The National Cancer Institute (NCI) at the National Institutes of Health is funding a study that they hope will lead to better detection and treatment of anal cancer at an early stage. The Prevent Anal Cancer Study is currently seeking Houston participants who are transgender and/or gay or bisexual men who have sex with men. The study will last six months, and could earn participants who are selected up to $130.
Dr. Alan Nyitray, 59, from the Medical College of Wisconsin, is the principal investigator who designed the study and secured funding from the NCI. In Houston, the Crofoot Clinic is the local partner where participant visits will occur. Lou Weaver, at the University of Texas Health Science Center’s School for Public Health, is the study coordinator. Nyitray’s team is also partnering with MD Anderson Cancer Center.
Transgender people and gay and bisexual men who have sex with men are often at greater risk for anal cancer. And those same individuals who are HIV-positive are especially at risk. This is because receptive anal sex and immunosuppression are among the contributing factors that cause anal cancer. The goal of the study is to find ways to detect the cancer earlier, when it’s easier to treat.
“If persons use their anus for sex, then they would be at greater risk. Anal cancer is primarily caused by the human papillomavirus (HPV), a sexually transmitted infection. For example, a penis can transmit HPV to the anus and increase risk for anal cancer just as a penis can transmit HPV to the cervix and increase risk for cervical cancer. Generally, cancer would not occur from these infections until decades later,” says Nyitray, who is gay.
Those factors apply to the trans community as well, Nyitray adds. “The contributing factors are the key. However, cancer centers still don’t collect good data on gender identity—or sexual orientation, for that matter. So it’s harder to know rates of anal cancer among trans people.”
Individuals who meet the base criteria can go to MindYourBehind.org to fill out an eligibility survey. The survey includes several questions related to the person’s age, sexual orientation/identity, and other identifying characteristics. Participants must also be located in one of the three metro areas where the study is taking place—Houston, Milwaukee, and Chicago.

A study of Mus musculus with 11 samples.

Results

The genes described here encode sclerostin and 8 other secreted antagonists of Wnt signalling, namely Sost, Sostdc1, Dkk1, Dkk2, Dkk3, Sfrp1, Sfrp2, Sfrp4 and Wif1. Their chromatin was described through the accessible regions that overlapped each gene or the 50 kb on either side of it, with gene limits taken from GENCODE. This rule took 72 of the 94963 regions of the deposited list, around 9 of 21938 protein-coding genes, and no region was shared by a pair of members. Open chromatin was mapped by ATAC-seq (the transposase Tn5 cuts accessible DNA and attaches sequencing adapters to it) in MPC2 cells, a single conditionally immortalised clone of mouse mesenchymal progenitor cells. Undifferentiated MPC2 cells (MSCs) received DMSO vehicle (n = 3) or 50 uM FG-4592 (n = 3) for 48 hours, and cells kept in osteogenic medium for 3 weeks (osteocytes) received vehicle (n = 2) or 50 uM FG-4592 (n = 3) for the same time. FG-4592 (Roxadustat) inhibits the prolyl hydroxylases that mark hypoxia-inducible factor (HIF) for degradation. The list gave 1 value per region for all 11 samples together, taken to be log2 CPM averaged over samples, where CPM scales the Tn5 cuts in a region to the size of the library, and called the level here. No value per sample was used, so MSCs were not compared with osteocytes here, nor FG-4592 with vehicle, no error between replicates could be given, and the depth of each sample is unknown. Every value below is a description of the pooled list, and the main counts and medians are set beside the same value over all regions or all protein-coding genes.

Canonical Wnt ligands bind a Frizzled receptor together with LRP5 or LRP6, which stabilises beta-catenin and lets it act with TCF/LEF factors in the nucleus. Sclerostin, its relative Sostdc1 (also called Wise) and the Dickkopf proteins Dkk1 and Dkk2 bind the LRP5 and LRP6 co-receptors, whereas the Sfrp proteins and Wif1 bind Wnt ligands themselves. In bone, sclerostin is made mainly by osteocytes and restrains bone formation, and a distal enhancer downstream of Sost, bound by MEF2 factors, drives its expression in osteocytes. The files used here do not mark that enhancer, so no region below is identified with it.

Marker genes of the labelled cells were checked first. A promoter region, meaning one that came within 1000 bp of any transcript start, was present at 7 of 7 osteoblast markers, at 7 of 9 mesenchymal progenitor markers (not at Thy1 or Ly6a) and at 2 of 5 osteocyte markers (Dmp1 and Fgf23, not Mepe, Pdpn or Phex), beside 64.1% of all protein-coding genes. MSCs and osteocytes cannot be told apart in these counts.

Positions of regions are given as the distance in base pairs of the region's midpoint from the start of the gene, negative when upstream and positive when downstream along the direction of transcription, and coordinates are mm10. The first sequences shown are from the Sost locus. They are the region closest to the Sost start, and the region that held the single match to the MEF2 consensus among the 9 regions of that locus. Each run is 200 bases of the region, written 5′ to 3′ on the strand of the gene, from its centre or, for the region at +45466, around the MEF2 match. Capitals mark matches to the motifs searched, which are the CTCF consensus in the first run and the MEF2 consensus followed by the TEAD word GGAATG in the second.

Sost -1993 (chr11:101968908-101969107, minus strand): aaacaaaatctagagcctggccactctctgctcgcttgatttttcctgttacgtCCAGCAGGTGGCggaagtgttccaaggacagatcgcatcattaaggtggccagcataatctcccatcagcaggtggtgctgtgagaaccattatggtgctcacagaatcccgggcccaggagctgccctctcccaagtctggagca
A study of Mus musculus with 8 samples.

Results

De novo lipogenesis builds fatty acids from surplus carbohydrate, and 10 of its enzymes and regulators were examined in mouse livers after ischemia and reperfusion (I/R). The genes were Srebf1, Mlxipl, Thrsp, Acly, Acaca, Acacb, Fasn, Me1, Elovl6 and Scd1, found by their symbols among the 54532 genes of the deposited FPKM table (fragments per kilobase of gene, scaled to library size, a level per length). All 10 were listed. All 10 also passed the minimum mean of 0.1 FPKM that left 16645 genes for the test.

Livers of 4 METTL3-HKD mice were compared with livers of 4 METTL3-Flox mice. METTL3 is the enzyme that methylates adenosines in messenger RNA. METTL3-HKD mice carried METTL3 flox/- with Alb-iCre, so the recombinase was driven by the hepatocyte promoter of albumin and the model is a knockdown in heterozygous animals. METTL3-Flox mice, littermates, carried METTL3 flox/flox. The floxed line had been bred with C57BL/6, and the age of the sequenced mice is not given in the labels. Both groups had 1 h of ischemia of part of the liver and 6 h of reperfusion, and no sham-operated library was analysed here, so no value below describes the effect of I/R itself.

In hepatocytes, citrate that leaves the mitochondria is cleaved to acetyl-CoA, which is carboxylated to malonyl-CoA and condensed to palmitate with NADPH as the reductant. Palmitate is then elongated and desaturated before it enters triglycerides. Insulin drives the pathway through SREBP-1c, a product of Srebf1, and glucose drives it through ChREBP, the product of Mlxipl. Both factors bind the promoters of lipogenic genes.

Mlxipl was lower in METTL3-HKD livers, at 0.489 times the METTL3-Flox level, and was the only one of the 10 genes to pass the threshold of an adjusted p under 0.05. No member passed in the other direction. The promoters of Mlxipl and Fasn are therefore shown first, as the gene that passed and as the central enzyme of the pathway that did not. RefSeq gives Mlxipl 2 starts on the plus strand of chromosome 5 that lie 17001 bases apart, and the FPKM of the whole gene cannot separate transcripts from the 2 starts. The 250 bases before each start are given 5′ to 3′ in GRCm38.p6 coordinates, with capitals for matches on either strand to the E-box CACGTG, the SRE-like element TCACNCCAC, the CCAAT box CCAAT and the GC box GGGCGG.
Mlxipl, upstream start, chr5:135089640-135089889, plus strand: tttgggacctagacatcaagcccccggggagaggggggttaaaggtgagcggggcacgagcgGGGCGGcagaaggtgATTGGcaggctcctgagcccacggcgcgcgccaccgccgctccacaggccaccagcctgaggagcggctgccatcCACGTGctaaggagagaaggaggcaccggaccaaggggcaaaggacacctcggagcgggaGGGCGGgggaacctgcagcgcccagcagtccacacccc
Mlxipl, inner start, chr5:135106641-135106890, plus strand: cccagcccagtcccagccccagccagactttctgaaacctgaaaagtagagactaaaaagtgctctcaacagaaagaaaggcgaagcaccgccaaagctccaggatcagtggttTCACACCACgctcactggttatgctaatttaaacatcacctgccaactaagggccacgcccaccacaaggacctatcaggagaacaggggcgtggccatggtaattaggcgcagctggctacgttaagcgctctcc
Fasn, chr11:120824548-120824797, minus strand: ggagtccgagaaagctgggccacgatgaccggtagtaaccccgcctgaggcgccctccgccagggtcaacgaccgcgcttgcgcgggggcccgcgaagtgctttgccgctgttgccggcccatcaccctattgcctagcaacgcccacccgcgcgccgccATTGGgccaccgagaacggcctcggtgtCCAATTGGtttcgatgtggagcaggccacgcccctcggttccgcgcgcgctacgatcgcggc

“The current study was started in Houston because I used to be faculty at the University of Texas Health Science Center’s School of Public Health. We also did a preliminary study in Houston back in 2014 and 2015. Chicago was picked because it’s a big city, and I have a collaborator at the University of Chicago,” says Nyitray.
Milwaukee is, of course, home to the Medical College of Wisconsin, which is the lead agency for the study.
“Participants will be taught to perform an anal self-exam or an anal companion exam. After performing the exam in private, the individual’s exam (or the partner’s exam) will then be compared with a clinician’s digital anal rectal exam. The assessment will be done at each of two visits spaced six months apart,” Nyitray explains.
As the study coordinator, Lou Weaver, 51, is the main point of contact for the Houston participants. He will also play a large role in educating and training them about anal health and how to conduct the self-exams.
“Participans come to the clinic and first meet with me, where I do an introduction on the study and anal health in general. Then we use ‘butt dummies’ (aka Hans and Franz) to practice the self-examinations so that participants know what to do at home. Afterwards, they go into the exam room where a practitioner does an anal swab and examination. They are given the results that day, and then they are left to do the study on their own,” says Weaver, who identifies as a queer trans man.
Weaver said that what he hears most from folks is that they have no idea about anal health, have never had an anal exam, or have never thought about examining themselves. This study is designed to help participants learn about anal health as well as early anal-cancer detection.
“Let’s be honest: everyone uses their butt for at least one thing, but we don’t talk about it. There is a stigma around our butts, whether we are queer or not. We ignore it. But if you don’t know what’s going on with your butt, then you can’t take care of it,” Weaver emphasizes. “Understanding anal health is [important for good] sexual health as well as for our general health.”
For study enrollment information, go to MindYourBehind.org.